We’re on the threshold of the spring gobbler season. Spring duties of yard cleanup, window washing, garage cleaning, garden planting, and other valid excuses might have kept you out of the woods, but the New York and Pennsylvania seasons are less than two weeks away.
You may not be one of those hunters who started in February. These early scouters looked for tracks in snow, checked trail cameras, searched for areas where turkeys feed, and listened for gobbles as sunlight increased by more than two minutes every day.
Other guys started driving the back roads in March and getting gobblers to respond to owl calls or other “shock” calls. Intensive early scouting in February and March doesn’t always translate to successful spring gobbler hunting. Why not? Because gobblers you find in February still have three months to change locations in search of willing hens, and by driving the back roads in March you locate the same gobblers other hunters hear.
If you didn’t scout in February and March, here’s the upside — the gobblers you find now are more likely to stay put until opening day. Here’s a three-step plan that will get you ready.
Pre-scout in one evening
Sometimes turkey hunting is a head-game, so start there. Think about where you have seen turkeys over the last year. Spring, summer, fall, winter, it doesn’t matter. Where have you killed them in the past? Make a list.
Mark all those locations on a map. Begin correlating them with other information. Recording the approximate date will help. Indicate how many turkeys you saw, and where they might find cover. You’re looking for resident turkeys. What they were doing? Were they following a manure spreader? Feasting on cut corn? Or on the move to parts unknown?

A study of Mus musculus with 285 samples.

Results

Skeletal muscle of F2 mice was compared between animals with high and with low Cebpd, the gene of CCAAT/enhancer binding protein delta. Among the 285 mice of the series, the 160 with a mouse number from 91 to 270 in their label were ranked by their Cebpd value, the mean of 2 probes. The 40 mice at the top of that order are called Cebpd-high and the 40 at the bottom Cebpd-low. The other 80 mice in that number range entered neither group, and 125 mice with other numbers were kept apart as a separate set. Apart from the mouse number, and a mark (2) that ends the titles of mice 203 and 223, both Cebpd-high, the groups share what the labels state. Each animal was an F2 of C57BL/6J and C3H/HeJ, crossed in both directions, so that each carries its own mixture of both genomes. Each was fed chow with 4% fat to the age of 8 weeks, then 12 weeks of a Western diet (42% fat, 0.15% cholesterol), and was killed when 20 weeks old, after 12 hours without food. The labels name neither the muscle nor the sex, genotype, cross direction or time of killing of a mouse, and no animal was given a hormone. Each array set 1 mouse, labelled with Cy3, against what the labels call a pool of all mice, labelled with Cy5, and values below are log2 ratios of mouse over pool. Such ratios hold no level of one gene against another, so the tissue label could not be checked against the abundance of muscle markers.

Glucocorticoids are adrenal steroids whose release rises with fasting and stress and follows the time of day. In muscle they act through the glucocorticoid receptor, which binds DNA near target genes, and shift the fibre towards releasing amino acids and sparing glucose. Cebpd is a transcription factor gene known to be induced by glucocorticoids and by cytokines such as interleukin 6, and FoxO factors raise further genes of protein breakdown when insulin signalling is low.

Relate those sightings to property ownership. Remember, turkeys can’t see property boundaries. If the birds are on a property you don’t have access to, don’t worry. They’ll probably use nearby properties too, so find out who owns properties in the area.
Knock on doors.
You’ll need several days for this step. You should have a list of a half dozen or more people to meet. Strive to visit at least three property owners in an evening, but don’t be rushed. Take your signals about how long to stay from the landowner. Be positive and smile. Offering an honest compliment about the house, the yard, and the landowner’s workmanship will communicate that you respect a well-cared for property.
Even if property is posted, it’s not a bad idea to knock on the door anyway. Owners might have posted their property because they don’t want deer hunters. Or they might have suffered property damage. When property owners don’t grant permission to hunt turkeys, it’s still a good idea to know who they are, make sure they know you, and know you’ll be hunting in the area. In time, you might win a friend.
Put your boots on the ground
It’s too late to take inventory on gobbling, so “boots on the ground” means you start walking. Wear camo and walk the field edges. Check out any mud you see for tracks. A feather is a good indicator of preening, strutting, fighting, or flying up to roost. Locate feeding areas. Don’t worry if you see only hen tracks because gobblers know they’re there.
Note trails and paths you can use to move quickly and silently. Learn the lay of the land. Whether or not you hear a gobbler, visualize how you might set up on a bird. How visible are the woods? How visible will they be in the middle of May? Their main menu items won’t be last fall’s leftover acorns or the few seeds they can still find. Instead, look for grass. New grass harbors crickets, grasshoppers, spiders and worms, — a turkey’s main springtime food source.
Even if you’re the February or March scouter, speed scouting can be highly productive. And if you find turkeys now, you’ll find them when the season opens.
When “The Everyday Hunter” isn’t hunting, he’s thinking about hunting, talking about hunting, dreaming about hunting, writing about hunting, or wishing he were hunting. If you want to tell Steve exactly where your favorite hunting spot is, contact him through his website, www.EverydayHunter.com. He writes for top outdoor magazines, and won the 2015 and 2018 national “Pinnacle Award” for outdoor writing.